Neon Metropolis: How Las Vegas Started the Twenty-first Century

1 Review

The popular image of Japanese society is a steroetypical one - that of a people characterised by a coherent set of thought and behaviour patterns, applying to all Japanese and transcending time. Ross Mouer and Yoshio Sugimoto found this image quite incongruous during their research for this book in Japan. They ask whether this steroetype of the Japanese is not only generated by foreigners but by the Japanese themselves.

This is likely to be a controversial book as it does not contribute to the continuing mythologising of Japan and the Japanese. The book examines contemporary images of Japanese society by surveying an extensive sample of popular and academic literature on Japan. After tracing the development of "holistic" theories about the Japanese, commonly referred to as the "group model", attention is focused on the evaluation of that image. Empirical evidence contrary to this model is discussed and methodological lacunae are cited. A "sociology of Japanology" is also presented.

In pursuit of other visions of Japanese society, the authors argue that certain aspects of Japanese behaviour can be explained by considering Japanese society as the exact inverse of the portayal provided by the group model. The authors also present a multi-dimensional model of social stratification, arguing that much of the variation in Japanese behaviour can be understood within the framework as having universal equivalence.

 


User Review  - mrtall - LibraryThing

An odd book. It's generally a fun read, and there's lots of interesting background on America's most fasinating city. But Rothman has an overeager authorial voice, and the book isn't particularly well ... Read full review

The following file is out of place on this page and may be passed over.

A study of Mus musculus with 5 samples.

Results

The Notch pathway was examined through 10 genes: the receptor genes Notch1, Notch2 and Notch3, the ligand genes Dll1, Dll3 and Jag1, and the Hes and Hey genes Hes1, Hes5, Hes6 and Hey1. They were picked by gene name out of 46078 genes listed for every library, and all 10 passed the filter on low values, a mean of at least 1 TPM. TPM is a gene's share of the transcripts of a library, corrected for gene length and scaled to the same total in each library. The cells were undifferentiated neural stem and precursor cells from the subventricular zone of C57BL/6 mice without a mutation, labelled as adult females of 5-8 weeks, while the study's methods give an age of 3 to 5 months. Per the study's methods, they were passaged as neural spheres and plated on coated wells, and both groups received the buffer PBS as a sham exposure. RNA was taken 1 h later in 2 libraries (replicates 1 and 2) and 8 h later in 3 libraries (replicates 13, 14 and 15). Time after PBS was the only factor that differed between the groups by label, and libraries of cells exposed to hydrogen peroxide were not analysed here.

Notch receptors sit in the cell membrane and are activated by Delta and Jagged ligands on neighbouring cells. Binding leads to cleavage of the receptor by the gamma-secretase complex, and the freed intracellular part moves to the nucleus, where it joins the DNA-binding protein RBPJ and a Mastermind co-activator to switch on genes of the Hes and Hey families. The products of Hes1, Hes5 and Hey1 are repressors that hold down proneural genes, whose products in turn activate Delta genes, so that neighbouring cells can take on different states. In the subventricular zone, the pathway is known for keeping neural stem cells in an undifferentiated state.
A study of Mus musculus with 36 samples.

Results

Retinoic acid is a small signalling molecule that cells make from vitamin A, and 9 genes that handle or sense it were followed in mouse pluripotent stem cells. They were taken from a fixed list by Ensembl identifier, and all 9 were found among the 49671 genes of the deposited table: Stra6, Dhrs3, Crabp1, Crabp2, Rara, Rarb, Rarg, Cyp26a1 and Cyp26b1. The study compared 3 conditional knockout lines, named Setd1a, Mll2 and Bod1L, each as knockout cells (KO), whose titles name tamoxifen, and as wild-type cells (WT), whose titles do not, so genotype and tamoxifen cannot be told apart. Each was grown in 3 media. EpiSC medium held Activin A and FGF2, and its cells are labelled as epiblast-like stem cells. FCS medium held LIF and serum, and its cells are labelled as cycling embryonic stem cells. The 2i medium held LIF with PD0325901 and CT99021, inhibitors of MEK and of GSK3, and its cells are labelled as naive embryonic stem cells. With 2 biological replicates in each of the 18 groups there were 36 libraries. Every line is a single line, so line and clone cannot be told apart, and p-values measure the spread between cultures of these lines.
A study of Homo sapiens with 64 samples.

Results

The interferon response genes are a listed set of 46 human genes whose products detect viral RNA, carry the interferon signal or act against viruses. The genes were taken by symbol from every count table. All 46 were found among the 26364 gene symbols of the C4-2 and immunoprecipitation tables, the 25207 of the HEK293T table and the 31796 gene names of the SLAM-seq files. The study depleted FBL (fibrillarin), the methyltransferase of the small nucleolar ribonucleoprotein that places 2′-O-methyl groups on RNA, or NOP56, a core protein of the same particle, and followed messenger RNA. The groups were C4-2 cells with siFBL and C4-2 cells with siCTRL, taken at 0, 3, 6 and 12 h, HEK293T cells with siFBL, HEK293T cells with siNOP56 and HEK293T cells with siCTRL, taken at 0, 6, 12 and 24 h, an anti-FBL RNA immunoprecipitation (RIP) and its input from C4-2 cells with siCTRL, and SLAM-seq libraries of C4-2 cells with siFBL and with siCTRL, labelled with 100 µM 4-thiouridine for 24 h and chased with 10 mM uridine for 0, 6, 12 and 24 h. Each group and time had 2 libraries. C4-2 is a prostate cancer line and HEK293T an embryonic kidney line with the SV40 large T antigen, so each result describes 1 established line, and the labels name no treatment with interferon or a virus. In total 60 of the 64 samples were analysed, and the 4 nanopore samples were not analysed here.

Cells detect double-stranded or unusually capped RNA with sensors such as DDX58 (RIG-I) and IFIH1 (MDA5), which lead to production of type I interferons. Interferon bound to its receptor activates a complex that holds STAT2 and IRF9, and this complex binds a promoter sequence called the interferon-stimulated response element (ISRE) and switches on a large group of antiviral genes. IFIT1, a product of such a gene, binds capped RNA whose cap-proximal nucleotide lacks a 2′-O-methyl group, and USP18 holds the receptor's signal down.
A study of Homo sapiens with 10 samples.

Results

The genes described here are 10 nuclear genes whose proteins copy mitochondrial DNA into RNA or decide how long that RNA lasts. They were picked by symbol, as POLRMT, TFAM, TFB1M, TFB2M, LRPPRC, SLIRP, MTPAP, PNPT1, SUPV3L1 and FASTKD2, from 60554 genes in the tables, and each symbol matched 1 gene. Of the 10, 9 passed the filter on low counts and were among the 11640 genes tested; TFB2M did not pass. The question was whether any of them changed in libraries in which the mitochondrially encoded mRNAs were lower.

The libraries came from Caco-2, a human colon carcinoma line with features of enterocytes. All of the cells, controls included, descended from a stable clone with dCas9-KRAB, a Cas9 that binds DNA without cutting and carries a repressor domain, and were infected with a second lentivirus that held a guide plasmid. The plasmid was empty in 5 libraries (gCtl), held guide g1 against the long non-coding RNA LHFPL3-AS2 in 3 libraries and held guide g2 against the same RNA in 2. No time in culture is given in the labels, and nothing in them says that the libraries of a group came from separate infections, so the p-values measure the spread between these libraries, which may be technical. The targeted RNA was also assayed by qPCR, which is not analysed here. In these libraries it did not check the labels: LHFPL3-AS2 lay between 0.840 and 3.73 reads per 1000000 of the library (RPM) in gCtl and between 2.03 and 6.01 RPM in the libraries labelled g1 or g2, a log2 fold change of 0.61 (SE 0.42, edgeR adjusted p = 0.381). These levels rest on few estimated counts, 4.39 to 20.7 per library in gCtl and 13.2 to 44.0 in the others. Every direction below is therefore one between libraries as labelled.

Neon metropolis: how Las Vegas started the twenty-first century

User Review  - Not Available - Book Verdict

In this thoughtful study, Rothman (history, Univ. of Nevada, Las Vegas) provides a detailed history of a uniquely American city. The subject of urban planning and design is enriched by Rothman's ... Read full review

Contents

1 Inventing Modern Las Vegas
3
Entertainment in the Malleable Metropolis
33
The New Service Economy
63
4 Freedom and Limits in a City of Pleasure
89
Filling Las Vegas
121
5 The New Emigrant Trail
123
6 The Face of the Future
149
Latinos in the New City
175
Life in a Libertarian Desert
207
The Weight of Traffic
235
Building a City without Basements or Closets
261
Neighborhoods of Affinity
291
Epilogue
317
Selected Bibliography
325
Index
329
Copyright

Building a New City
205

Paul L. Knox
Limited preview - 2008

Hal Rothman is a professor of history at the University of Nevada, Las Vegas, and the editor of the journal Environmental History. The author of Devil's Bargains: Tourism in the Twentieth Century American West, Rothman is a frequent commentator on Las Vegas. He has been featured on National Public Radio, CBS Sunday Morning, and in The New York Times, The Wall Street Journal and in the four-hour A&E Television Network documentary, Las Vegas.